A trespasser on the Long Island Rail Road

A trespasser on the Long Island Rail Road tracks at the Massapequa station was struck and killed by a train, according to an MTA spokeswoman and Nassau County Police. Credit: Kevin P Coughlin

Long Island Rail Road riders experienced their first normal rush-hour commute in six weeks Monday as the agency restored all of its usual trains following Sandy-related repairs.

State officials on Sunday announced that Amtrak had completed repairs in one of two East River rail tunnels that were damaged by floodwaters during the Oct. 29 superstorm. That allowed the LIRR, which had been operating at 70 percent during rush hour, to run its normal 143 trains in the morning and 127 Monday evening.

"We're keenly aware that the last six weeks have been difficult for our customers," LIRR customer service vice president Joe Calderone said. "As we all know, it [Sandy] was an extraordinary event. And we're glad that we were able before Christmas to get back the capacity that we need to provide regular service."

One train was canceled at Jamaica Monday morning and there were some delays, but none related to the tunnel, he said.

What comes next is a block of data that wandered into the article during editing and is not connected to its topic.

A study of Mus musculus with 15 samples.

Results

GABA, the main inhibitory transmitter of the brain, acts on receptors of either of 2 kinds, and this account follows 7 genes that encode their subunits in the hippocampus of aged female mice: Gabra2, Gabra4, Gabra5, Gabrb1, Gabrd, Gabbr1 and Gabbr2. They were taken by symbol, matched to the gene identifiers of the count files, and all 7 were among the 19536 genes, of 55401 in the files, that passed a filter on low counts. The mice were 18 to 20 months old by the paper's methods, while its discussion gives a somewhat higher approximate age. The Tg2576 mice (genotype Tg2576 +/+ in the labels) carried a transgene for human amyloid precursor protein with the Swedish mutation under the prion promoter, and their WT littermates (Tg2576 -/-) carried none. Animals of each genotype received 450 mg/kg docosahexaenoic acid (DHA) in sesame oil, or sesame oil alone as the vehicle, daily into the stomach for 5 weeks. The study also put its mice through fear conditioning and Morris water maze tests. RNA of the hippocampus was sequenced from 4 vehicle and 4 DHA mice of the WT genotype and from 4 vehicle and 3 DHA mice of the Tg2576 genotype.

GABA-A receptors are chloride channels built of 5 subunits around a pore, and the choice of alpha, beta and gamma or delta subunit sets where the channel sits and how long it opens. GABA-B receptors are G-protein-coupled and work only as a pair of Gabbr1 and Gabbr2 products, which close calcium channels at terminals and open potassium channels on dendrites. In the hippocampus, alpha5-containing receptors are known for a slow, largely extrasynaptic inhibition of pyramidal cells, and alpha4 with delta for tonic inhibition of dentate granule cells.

"This morning it seemed normal, where it should be," David Greaves, 50, of Uniondale, said as he changed trains at Jamaica in the morning.

Mark Epstein, chairman of the LIRR Commuter Council, which worked with Rep. Steve Israel (D-Huntington) to persuade Amtrak to move up its tunnel repair schedule, called the return to full service "a real holiday present for commuters in a busy travel season."

"We riders have had a difficult month, with cancellations, longer commutes, delays and, of course, severe overcrowding and an uncomfortable ride during the rush hours," Epstein said in a statement. "By restoring the tunnels' capacity to handle a full LIRR rush-hour schedule, Amtrak and the LIRR make it possible for riders to take another step toward returning their lives to normal."

Calderone said Amtrak remains on pace to complete repairs in the second flooded tunnel this weekend.

Riders won't notice a difference from that work, he said, but the added tunnel will give the LIRR some "operational flexibility" in case another service disruption occurs near Penn Station.

With commuter service back to normal levels, the LIRR will offer extra weekend trains during the holiday season, Calderone said.